Quality Assurance and Project Management

Jul 27 2016   11:13PM GMT

Notion Ink Design Labs – An Interview with CEO Rohan Shravan

Jaideep Khanduja Jaideep Khanduja Profile: Jaideep Khanduja

Machine learning
User interface design

It was an invitation from Notion Ink & Microsoft for the launch of Able 10. The launch date was July 7, 2016, at Microsoft, DLF Cyber City, Gurgaon. Rohan Shravan is the Founding CEO of Notion Ink Design Labs, one of the only consumer electronics product design company out of India. He has designed and developed world’s first Android SOC tablets, world’s first Android UI for tablets and continues to set benchmarks in industrial design for computers. A Mechanical Engineer from IIT Kharagpur, he specializes in Industrial Design, Manufacturing Technologies, Product Design, User Interface Design, and Machine Learning. Let us hear from the horse’s mouth about his journey so far. Welcome, Rohan, CEO, Notion Ink Design Labs.

Notion Ink Design Labs – An Interview with CEO Rohan Shravan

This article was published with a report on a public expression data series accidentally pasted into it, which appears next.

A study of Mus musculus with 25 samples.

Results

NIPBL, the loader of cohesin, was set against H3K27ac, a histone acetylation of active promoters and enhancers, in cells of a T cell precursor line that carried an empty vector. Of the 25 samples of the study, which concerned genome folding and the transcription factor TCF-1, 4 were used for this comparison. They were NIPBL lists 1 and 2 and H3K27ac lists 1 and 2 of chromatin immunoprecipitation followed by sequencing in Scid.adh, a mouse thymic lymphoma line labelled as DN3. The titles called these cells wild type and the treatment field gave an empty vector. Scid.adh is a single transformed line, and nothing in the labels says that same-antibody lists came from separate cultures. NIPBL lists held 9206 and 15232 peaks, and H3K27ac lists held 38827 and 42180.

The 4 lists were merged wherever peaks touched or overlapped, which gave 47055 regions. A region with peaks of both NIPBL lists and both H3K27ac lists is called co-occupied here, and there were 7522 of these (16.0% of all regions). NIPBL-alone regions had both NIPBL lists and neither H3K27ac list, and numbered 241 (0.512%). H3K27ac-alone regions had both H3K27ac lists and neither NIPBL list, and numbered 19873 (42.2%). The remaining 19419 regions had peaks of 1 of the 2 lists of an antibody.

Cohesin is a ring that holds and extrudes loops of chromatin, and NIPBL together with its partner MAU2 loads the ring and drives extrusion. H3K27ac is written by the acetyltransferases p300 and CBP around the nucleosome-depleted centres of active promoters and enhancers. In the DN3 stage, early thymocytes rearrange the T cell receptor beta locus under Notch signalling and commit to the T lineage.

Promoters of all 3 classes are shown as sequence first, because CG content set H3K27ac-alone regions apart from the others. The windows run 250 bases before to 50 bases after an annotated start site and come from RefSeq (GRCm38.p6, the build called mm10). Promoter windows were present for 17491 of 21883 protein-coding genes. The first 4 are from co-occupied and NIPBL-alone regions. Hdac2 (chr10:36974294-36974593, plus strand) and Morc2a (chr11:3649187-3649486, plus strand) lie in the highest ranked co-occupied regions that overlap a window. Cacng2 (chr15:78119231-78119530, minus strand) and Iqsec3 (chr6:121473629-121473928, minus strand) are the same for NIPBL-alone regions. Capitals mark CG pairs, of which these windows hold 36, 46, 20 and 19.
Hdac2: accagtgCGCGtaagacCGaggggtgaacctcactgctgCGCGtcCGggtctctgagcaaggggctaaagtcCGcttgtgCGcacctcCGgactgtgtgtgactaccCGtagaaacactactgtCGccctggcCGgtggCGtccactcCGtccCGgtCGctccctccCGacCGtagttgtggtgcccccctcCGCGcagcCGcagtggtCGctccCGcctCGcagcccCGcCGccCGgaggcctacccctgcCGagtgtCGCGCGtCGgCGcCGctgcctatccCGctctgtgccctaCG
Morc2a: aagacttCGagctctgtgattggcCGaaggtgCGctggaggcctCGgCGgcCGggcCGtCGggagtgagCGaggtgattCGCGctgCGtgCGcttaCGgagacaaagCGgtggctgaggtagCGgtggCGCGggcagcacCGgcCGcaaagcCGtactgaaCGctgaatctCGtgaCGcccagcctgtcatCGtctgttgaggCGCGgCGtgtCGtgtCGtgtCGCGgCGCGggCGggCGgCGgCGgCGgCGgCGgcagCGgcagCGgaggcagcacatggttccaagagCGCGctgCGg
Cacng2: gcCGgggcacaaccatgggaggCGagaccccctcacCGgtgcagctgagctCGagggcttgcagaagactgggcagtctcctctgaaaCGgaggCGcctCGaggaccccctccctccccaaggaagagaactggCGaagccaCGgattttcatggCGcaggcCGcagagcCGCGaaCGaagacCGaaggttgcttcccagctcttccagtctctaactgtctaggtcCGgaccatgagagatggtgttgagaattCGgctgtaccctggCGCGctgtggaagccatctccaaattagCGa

1. How would you explain your journey from Adam to Able?

The journey has been extremely eventful. When we began, Adam was literally the only tablet out there (others fell in categories of Media players as they weren’t focusing on productivity or consumption Apps), even iPad wasn’t launched. And in last 7 years, we have seen tablet segment just explode (especially in the West). In last few years we have been trying to stay away from tablets and rather focus on 2in1s. We made Adam for providing productivity, but tablets in last 6 years have moved more towards entertainment and a little bit of content consumption. 2in1 has given us a very strong platform to again innovate on design and experiences. Able is the result of our last 7 years of experience.

Rohan Shravan, CEO, Notion Ink Design Labs

2. When did it start?

It all started as a need to add computing to people’s life, something we still haven’t achieved. Computers are today useless unless you have an app to do what you want to do. A doctor with decades of experience cannot get a computer to help them unless some programmer has written an app for that purpose. This has created a programming-computing-usage barrier between real users of computers and real makers of programs. We see future where a normal person can design his own features as if it was just a lego set.